The tradition of the mace can be dated to medieval kings, whose bodyguards would use a mace as an instrument of protection. It came to symbolize strength and authority. Originally, it was a weapon of offense that was made of iron and capable of breaking armor. It was a giant club, which came to be associated with brave men who fought to protect the king. During medieval times, the royal sergeants at arms were distinguished by their power of arrest without a warrant. To an increasing extent, the maces–originally ordinary weapons of war, similar to a club–became their emblems of authority from a noble lord or the king. These maces were stamped with the royal arms; and in an age in which few could read and write, the sergeants effected their arrests by showing their maces and not by producing any form of written warrant.
The evolution of maces from weapons of war to symbolic representations has seen the flanged head decrease in size to an ornamental bracket. The butt end historically carried the royal coat of arms and an arched crown surmounted by an orb and cross. As a result of the expansion of the butt end, maces began to be carried upside down with the crown uppermost.
Gradually, universities adopted the use of a mace to show the right of academic institutions to grant degrees to graduates. When English universities were taking form in the twelfth and thirteenth centuries, the mace was used as a symbol of royal authority at the universities the King established. It was displayed especially during formal ceremonies. The mace was carried by the most senior member of the faculty at the royal university before the president or chancellor and other dignitaries composing the platform party. The mace symbolically represents the college’s authority to exist and function as an institution of higher education.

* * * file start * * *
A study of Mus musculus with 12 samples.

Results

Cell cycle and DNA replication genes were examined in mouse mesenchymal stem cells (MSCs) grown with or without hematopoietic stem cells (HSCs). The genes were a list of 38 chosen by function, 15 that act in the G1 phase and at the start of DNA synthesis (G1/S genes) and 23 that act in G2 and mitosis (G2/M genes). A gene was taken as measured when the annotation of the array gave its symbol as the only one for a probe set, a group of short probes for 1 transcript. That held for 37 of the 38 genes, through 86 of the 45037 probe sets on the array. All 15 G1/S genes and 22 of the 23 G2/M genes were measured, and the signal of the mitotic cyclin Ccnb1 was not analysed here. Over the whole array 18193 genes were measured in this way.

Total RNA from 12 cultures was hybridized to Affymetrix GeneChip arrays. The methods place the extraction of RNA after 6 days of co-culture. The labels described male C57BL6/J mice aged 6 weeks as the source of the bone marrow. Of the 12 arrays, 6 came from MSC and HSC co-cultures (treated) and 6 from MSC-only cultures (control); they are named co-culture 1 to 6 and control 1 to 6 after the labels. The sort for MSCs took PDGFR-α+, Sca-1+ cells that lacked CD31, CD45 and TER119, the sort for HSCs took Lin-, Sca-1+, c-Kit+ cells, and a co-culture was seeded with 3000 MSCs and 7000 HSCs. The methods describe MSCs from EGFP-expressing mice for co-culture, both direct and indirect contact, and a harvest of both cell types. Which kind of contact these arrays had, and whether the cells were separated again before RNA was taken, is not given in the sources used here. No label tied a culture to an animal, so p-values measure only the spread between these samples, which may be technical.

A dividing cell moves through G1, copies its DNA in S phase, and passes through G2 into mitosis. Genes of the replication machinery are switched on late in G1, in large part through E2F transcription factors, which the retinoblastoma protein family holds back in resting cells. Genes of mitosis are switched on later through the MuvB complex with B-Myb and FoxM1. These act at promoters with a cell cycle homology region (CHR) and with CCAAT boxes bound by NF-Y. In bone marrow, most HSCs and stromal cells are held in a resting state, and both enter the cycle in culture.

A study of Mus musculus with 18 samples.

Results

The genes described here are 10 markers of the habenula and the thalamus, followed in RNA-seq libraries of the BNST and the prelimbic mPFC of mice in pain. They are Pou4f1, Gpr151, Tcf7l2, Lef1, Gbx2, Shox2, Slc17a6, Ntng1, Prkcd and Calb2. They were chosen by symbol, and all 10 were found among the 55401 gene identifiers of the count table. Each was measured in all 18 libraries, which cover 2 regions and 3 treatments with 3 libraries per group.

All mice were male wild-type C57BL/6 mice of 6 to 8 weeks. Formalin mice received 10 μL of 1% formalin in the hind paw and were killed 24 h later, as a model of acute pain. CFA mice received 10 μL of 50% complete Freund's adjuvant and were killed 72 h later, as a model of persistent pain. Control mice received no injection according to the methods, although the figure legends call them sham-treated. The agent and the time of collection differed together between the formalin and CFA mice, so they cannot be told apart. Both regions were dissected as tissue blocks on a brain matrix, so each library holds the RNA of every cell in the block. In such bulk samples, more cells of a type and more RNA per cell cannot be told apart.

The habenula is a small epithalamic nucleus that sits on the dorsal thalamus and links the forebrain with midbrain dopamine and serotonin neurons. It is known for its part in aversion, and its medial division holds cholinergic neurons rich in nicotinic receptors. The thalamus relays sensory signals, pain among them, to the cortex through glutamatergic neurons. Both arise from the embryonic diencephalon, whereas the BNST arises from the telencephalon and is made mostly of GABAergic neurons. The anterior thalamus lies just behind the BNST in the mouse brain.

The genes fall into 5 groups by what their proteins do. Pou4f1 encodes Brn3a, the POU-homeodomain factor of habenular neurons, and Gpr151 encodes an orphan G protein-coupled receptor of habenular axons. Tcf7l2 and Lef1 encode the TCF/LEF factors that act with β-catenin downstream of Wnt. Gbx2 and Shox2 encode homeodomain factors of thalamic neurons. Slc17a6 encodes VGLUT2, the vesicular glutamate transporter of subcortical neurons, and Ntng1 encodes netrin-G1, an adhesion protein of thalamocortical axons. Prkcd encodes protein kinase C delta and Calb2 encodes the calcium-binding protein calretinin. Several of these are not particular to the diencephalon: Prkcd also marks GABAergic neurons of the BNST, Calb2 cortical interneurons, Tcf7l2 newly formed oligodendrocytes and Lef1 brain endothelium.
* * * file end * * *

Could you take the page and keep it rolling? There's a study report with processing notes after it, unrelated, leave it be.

As symbols of events and affiliations, medallions can be traced to religious orders during the Middle Ages. Since many orders, societies, and universities used similar designs—a circle, cross, or an oval—detailed artwork in the center of the medallion was adopted to differentiate each affiliation. Colleges and universities traditionally use ceremonial and commemorative medallions for formal occasions such as commencements, convocations, inaugurations, and other occasions when academic dress is worn. The academic medallion worn by the president or chancellor of the institution symbolically and officially represents his or her authority granted by the proper legal authority (the board of trustees, state authority, etc.) to confer degrees upon graduates of the institution.